If you want someone to see something, it helps to know what they’re looking for.
One of the things I listen for when I speak with someone is whether the person is a “matcher” or a “mismatcher.”
I learned this from Tony Robbins; it’s a component of what Tony calls a person’s “model of the world” — basically, how the person see things and what shapes the person’s perspective.
Knowing whether someone is a matcher or a mismatcher is the key to closing more sales, because you’ll know how to influence the person. It is also the key to most effectively serving your clients.
You cannot persuade a matcher and a mismatcher with the same technique. You need to speak to them in a way that they will be motivated to take action.
Matcher vs Mismatcher
A “matcher” looks first at what is similar. A “mismatcher” looks first at what is different.
To take a really simple example: I show you a picture of a red circle, a blue square, and a yellow triangle. I ask you to tell me about the picture.
A matcher might say: they are all colored shapes.
A mismatcher might say: they are all different shapes in different colors.
It’s Not About Good vs Bad
This isn’t about identifying something “wrong” with you. It’s your basline: what do you notice first?
Do you notice similarities first or do you notice differences first?
This is about being aware of your tendency. And of your client’s or prospect’s tendencies.
Once you are aware, you can work within that.
If you were looking at the sky and said “look, it’s a beautiful day,” a matcher would agree with you.
A mismatcher might point out the clouds or say “I hear it’s going to rain tomorrow.”
It’s Not The Same As Negativity Bias
It’s worth noting that being a mismatcher is different from negativity bias, although I have a completely unfounded theory that there is probably some correlation between mismatchers and those who exhibit a high negativity bias.
That’s the surface level of it.
The deeper level is to see where the pattern shows up for positive and negative outcomes.
Marchers, for example, often tend to be agreeable. They follow rules. They are compliant. They often appear to be more positive, on the surface. But they can tend to people pleasing.
Mismatchers tend to be the “problem spotters.” They see the discrepancies and flaws. People often perceive them as negative. But, they often are the divergent thinkers who will come up with out-of-the-box solutions.
How Does it Serve You?
Knowing your tendency is important. Knowing how it serves you is even more important.
I know that I tend to be a mismatcher; this actually serves me well in many areas. For over 2 decades, people have come to me for guidance in making life-altering, high-stakes decisions. They rely on my gift for “seeing the field” with clarity — I can see where the issues are. I see what’s not aligned.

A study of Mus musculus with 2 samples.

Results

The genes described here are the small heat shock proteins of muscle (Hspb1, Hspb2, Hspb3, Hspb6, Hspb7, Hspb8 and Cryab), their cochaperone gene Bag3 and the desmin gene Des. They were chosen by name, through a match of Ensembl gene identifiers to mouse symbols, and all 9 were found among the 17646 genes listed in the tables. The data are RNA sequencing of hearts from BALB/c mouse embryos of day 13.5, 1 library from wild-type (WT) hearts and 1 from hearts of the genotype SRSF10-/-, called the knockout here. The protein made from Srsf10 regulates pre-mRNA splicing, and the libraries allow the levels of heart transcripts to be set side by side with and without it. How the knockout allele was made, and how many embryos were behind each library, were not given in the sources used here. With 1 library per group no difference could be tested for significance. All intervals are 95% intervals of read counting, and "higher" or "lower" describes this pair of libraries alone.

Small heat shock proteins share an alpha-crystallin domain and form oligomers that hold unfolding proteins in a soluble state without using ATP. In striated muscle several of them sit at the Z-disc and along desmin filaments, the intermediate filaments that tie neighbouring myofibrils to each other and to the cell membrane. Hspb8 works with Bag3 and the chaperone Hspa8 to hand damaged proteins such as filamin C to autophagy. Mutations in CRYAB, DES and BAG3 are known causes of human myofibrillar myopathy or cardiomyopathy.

People also ask me to look at the fine details. In law school, I was a copy editor on my law journal. I could spot an extra space after a period with a glance at a page.
That’s how being a mismatcher serves me: spotting flaws, inconsistencies, and what doesn’t belong.
How Doesn’t It Serve You?
For years, I did not hang artwork in my home because a picture hanging slightly unlevel really irritates me. That’s not the best outcome.
Mismatching to Self-Sabotage
Being a mismatcher often is a subtle way I self-sabotage. For example, as a mismatcher, I tend to like to prove people wrong; I like to take the opposing view.
There is nothing “wrong” with this in theory. In many big moments in my life, when people have told me I can’t do something, I went out and proved them wrong.
And, when people have told me I’ll be great, or I’m so talented, smart, etc, I went out and proved them wrong too. I sabotaged myself. This doesn’t serve me as well.
Mismatching as sabotage was unconscious for me for a long time. I’m aware of it now because I created awareness around it for myself; I’ve never worked with a coach who was able to see this to that level of depth.
I recently had a breakthrough about another element of this. One of my challenges is that I often feel like nobody believes in me. I don’t feel supported in my vision and mission.
I realize I probably unconsciously set up this dynamic because it forces me to a place where I can prove others are wrong. But it also makes for a very lonely life where I feel I don’t have support.
A truly masterful coach would help me find a way to get out of that dynamic, so I stop mismatching to my own sabotage.
Fitting this into other personality patterns
Knowing your tendency is half the battle. Using that awareness in life is the next step.
For example, because I know I have a tendency to mismatch, I actively work to look for the similarities.
Also, I know I am an overthinker, and as a lawyer, I can argue all sides of an issue. That’s a dangerous combination for someone like me and a key place where I get in my own way. It’s why I know I need really strong coaching support.
I also know how I respond to sales pitches. I often will heighten my mismatching when someone is trying to sell me something I don’t really want to buy. That’s a sign for me to walk away. (It also teaches me a lot about the sales person’s skills; most salespeople don’t deal with mismatchers well).
Listening for the tendency in others
When I’m listening to clients or colleagues, this is one of the key things I listen for.
Knowing what you’re dealing with in others helps you offer better solutions that will fit their way of thinking.
When you understand how to speak to people in a way that influences them, it helps you create consensus.
This understanding will also help you win more influence and close more sales.
All you need to do is listen.
Thanks for being here. This is day 51 of a daily publishing streak. I’d love to hear your comments and questions.